Chinese people avoid the sun like the plague. For them the beauty standard ideal is to be as pale as possible thus getting a tan is obviously something to be avoided at all costs. This is valid for both men and women – perhaps a bit more for women but during my years living in China I saw plenty of men using parasols. Why is pale skin considered prettier? Well, I’ll let Wikipedia explain the historical reasons for it and leave it at that because if I start on the connotations derived from this…. well, it would be one very long post.
Anyway, back when I was living in Xian – China I missed the sea terribly so on one of my holidays I decided to go to Hainan and spend a week in Sanya (Hainan is China’s southernmost province and it happens to be a tropical island). Knowing that the Chinese abhor being under the sun did not prepare me for what I experienced there.
I arrived in Sanya late at night and quickly and easily took the bus to the hostel I had booked. Checked in, and slept. The next morning I woke up to beautiful blue skies from where a glorious sun bestowed upon us its warm rays. I was anxious to explore the beach so had a quick breakfast, asked for directions (it was a 7 min walk) and went to the beach! When I got there I couldn’t believe my eyes. It was stunning! A long wide white sandy beach met beautiful light turquoise water. It was just what I had been craving. For the first time since I had left Mozambique I was at what I considered to be a first-rate beach.
One oddity perplexed me however. It was deserted. This was a beach at a city’s doorstep how could it possibly be empty? And right in the middle of summer? Was I in the wrong place? Was this maybe a private beach? Was the area unsafe for swimming? But, there were clearly many restaurants along the esplanade and empty deck chairs everywhere…
Barring a few Russian tourists that appeared later I had the beach to myself all day. At 4pm I got up and went to have lunch and by the time I finished my late lunch I noticed people trickling in. Maybe there had been some event in town during the day and only now it was over people had time to come to the beach? Later in the evening the beach was absolutely packed.
The next morning I woke up at dawn in order to watch the sunrise and although it was obviously super early when I got to the beach there were actually people swimming! Entire families playing in the sand and swimming. However, the moment the sun rose they picked up their things and left. And just like that the mystery was solved. The locals were all vampires! Ok, fine, they weren’t vampires, they were just Chinese. Meaning that although they lived by an awesome beach they avoided it during sunlight hours so as not to tan!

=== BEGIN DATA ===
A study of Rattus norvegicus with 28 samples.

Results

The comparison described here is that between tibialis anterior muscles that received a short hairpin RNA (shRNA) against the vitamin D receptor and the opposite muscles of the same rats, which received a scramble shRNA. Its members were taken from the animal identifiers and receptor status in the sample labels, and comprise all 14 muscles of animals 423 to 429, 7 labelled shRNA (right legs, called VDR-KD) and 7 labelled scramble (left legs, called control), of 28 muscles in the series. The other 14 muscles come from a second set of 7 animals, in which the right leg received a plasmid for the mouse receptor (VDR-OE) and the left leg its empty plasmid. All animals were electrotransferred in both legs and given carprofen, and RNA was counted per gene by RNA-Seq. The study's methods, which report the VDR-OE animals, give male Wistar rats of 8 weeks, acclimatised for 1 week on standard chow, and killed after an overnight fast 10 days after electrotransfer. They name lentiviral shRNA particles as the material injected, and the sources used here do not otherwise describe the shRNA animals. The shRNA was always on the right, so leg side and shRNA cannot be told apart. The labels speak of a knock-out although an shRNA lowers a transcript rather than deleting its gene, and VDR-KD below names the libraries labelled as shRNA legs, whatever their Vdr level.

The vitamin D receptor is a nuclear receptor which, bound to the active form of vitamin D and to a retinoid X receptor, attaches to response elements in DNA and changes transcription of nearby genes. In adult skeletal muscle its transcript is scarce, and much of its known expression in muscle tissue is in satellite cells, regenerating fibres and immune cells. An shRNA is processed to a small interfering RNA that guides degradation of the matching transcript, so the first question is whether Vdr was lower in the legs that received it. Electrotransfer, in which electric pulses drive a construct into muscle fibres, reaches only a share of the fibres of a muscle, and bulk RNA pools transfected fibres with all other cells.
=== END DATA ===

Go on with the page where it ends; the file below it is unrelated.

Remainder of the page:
I made friends with other tourists at the hostel and spent the rest of the week exploring Sanya and the nearby beaches with them. One of the most astonishing things I discovered during those days was that when mainland Chinese go to the beach their main goal is to document the occasion by taking as many photos fully dressed next to the sea as possible. They will brave the sun for a few minutes to get the perfect photo and then quickly disappear back to the shade. Actually getting wet and swimming is not part of the experience.
Obviously the local islanders don’t go to the beach solely to take photos but they still avoid the sun at all costs. The few times I did see people at the beach during the day they were always in what little piece of shade they could find.
Seeing the long stretches of phenomenal beach deserted was something that baffled me the entire week I was there. Knowing why they were neglected didn’t help. I guess it comes down to the fact that no matter how much I tried I simply can’t imagine living in a tropical island and avoiding the sun and the sea. And for what? A beauty ideal that says I’m prettier a certain way?
Noticing the power social beliefs can have on us is scary.
Beauty ideals aside I truly enjoyed my time in Sanya and given the chance I would gladly return.